NYers Who Lost Income from Economic Downturn Protected from Loss of Electric, Telephone and Water Service
ALBANY, N.Y. – AARP New York and the Public Utility Law Project today praised state lawmakers for passing a bill (S.8113A-Parker/A.10521-Mosley) to prohibit utilities from shutting off service to customers who have been unable to pay their utility bills because they lost their income due to the coronavirus pandemic.
In normal times, nearly a million New York households cannot pay their utility bills, and about a quarter of them may be at risk of having their electric, telephone or water service disconnected.
Those numbers could double during the COVID-19 health pandemic – and with a forecast of yet another record-breaking hot summer and the pandemic continuing, vulnerable households must be able to stay safe inside with air conditioning to avoid heat stroke and telephone or Internet service for homeschooling, job hunting or telehealth.
The bill passed by the State Senate and Assembly would protect at-risk New Yorkers from utility shutoffs during and for up to six months after the pandemic because of their inability to pay bills due to restricted incomes and the lack of jobs. Keeping older New Yorkers, disabled, low-income and “newly low-income” residents safe is vital.
“As we all know, ‘stay safe, stay inside’ is key to stopping the spread of COVID-19, yet consumers without power, water or telephone service cannot safely stay in their homes or call for medical or other help in this crisis,” said AARP New York State Director Beth Finkel. “AARP New York applauds the passage of this legislation to provide a safe space for the millions of economically ravaged consumers to get their feet under them at the end of the pandemic and begin repairing their finances before being subjected to collection activity. We urge Governor Cuomo to sign the bill into law.”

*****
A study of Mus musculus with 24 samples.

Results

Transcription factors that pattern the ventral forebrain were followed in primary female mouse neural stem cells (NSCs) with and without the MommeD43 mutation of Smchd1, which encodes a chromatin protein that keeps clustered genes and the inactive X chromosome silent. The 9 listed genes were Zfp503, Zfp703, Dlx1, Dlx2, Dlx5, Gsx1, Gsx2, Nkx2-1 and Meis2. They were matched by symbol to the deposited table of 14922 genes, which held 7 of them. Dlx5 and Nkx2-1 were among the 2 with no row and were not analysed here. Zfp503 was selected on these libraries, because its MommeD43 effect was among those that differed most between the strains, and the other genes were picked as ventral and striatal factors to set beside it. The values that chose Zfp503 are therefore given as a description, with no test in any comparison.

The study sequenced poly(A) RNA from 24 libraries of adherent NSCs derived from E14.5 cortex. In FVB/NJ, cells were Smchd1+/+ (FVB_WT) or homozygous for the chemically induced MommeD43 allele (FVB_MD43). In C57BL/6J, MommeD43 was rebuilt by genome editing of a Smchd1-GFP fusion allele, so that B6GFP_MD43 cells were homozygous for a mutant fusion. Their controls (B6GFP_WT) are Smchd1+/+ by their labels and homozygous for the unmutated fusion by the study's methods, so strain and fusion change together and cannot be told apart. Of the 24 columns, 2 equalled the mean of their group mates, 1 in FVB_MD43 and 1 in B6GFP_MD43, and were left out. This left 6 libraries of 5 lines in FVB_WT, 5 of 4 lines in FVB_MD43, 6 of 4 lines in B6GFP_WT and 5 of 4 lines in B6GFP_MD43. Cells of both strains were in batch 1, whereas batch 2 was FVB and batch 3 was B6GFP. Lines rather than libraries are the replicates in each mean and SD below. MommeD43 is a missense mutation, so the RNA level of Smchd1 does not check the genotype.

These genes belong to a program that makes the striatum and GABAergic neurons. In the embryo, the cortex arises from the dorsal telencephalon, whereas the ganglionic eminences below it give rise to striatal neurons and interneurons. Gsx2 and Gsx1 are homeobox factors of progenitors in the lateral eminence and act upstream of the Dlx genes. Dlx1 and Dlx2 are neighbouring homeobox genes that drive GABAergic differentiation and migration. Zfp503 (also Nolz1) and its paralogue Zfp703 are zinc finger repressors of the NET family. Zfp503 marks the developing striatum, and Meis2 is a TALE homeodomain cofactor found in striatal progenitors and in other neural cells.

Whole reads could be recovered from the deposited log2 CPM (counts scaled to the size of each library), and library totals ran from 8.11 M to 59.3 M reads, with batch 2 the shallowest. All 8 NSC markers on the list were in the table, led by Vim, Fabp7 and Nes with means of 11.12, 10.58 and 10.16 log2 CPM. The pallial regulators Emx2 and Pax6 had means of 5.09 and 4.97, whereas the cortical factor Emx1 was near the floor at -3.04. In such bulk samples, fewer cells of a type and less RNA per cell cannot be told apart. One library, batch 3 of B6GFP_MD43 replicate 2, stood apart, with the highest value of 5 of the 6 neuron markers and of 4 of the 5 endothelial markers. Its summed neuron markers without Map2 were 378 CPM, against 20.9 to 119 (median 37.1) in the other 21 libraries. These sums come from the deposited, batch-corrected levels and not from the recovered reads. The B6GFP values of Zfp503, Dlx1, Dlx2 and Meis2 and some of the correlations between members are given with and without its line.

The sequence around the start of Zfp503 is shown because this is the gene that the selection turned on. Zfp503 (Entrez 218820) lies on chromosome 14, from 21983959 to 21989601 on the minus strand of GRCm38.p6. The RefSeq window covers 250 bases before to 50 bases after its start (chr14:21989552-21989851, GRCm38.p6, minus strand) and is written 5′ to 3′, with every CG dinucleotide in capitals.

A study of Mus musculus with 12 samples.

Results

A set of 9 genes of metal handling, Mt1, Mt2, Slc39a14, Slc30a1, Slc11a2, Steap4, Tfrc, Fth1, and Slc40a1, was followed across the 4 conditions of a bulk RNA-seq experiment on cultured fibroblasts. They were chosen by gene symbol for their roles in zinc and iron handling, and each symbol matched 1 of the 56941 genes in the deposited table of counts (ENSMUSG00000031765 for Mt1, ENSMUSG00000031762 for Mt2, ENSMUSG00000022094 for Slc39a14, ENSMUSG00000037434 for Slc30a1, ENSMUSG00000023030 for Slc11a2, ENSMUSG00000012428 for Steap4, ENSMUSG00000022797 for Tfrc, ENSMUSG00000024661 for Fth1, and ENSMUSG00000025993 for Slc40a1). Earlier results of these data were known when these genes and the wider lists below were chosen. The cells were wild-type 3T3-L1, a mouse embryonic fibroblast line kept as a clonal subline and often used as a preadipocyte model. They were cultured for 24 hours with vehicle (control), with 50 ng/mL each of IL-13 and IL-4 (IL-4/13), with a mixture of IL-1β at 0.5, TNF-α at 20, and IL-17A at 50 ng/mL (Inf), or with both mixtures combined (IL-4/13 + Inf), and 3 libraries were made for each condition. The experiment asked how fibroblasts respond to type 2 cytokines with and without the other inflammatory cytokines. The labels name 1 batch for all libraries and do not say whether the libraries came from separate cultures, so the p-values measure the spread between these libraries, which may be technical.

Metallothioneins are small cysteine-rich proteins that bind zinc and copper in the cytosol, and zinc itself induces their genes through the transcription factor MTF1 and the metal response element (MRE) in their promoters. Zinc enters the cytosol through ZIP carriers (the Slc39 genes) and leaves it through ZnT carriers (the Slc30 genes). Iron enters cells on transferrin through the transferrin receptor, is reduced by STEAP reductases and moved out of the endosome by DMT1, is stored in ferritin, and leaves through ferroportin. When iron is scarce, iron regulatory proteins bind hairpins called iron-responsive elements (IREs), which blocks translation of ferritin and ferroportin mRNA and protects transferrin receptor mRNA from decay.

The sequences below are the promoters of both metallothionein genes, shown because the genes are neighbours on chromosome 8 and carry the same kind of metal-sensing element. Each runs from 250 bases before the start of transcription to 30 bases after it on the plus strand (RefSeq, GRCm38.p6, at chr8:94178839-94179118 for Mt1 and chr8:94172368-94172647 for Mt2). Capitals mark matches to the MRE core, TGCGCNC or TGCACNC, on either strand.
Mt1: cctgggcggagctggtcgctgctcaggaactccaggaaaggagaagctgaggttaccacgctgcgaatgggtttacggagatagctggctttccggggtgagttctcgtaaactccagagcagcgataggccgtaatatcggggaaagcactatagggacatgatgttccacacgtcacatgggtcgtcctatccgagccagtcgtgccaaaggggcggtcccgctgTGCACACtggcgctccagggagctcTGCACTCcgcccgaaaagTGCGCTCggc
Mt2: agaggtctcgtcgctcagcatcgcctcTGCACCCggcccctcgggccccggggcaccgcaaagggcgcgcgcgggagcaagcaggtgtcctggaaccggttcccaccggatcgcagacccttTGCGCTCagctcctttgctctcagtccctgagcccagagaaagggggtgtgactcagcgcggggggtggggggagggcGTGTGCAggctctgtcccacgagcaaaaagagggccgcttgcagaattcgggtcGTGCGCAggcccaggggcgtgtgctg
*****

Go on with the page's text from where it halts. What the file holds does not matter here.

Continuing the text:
“This bill speaks deeply to our values as New Yorkers – we do not hesitate to take action to avert the disparate impacts upon seniors and medically fragile households, low-income households and communities of color, that is a hallmark of the rampant coronavirus pandemic,” said Richard Berkley, Executive Director of the Public Utility Law Project of New York. “The COVID-19 pandemic has triggered the fastest and deepest loss of jobs and economic activity in New York since the Great Depression, and the State Legislature’s commonsense actions in passing this legislation will save lives and prevent millions of New Yorkers from suffering even greater economic harm during this crisis.”
“We congratulate the State Legislature for passing this vital legislation, and we stand beside them to fight for other actions that will protect New York utility consumers.”
Contact: Erik Kriss, firstname.lastname@example.org
Follow AARP New York on Twitter: @AARPNY and Facebook: AARP New York
Follow PULP on Twitter: @UtilityProject and Facebook: UtilityProject
AARP is the nation’s largest nonprofit, nonpartisan organization dedicated to empowering Americans 50 and older to choose how they live as they age. With nearly 38 million members and offices in every state, the District of Columbia, Puerto Rico, and the U.S. Virgin Islands, AARP works to strengthen communities and advocate for what matters most to families with a focus on health security, financial stability and personal fulfillment. AARP also works for individuals in the marketplace by sparking new solutions and allowing carefully chosen, high-quality products and services to carry the AARP name. As a trusted source for news and information, AARP produces the world’s largest circulation publications, AARP The Magazine and AARP Bulletin. To learn more, visit www.aarp.org or follow @AARP and @AARPadvocates on social media.
The Public Utility Law Project of New York, Inc. (“PULP”) is a nonprofit public interest law firm with the mission of educating, advocating and litigating on behalf of low- and fixed-income utility consumers in matters affecting affordability, universal service, and consumer protection. Learn more at www.utilityproject.org, or www.facebook.com/utilityproject, and follow us on Twitter @utilityproject.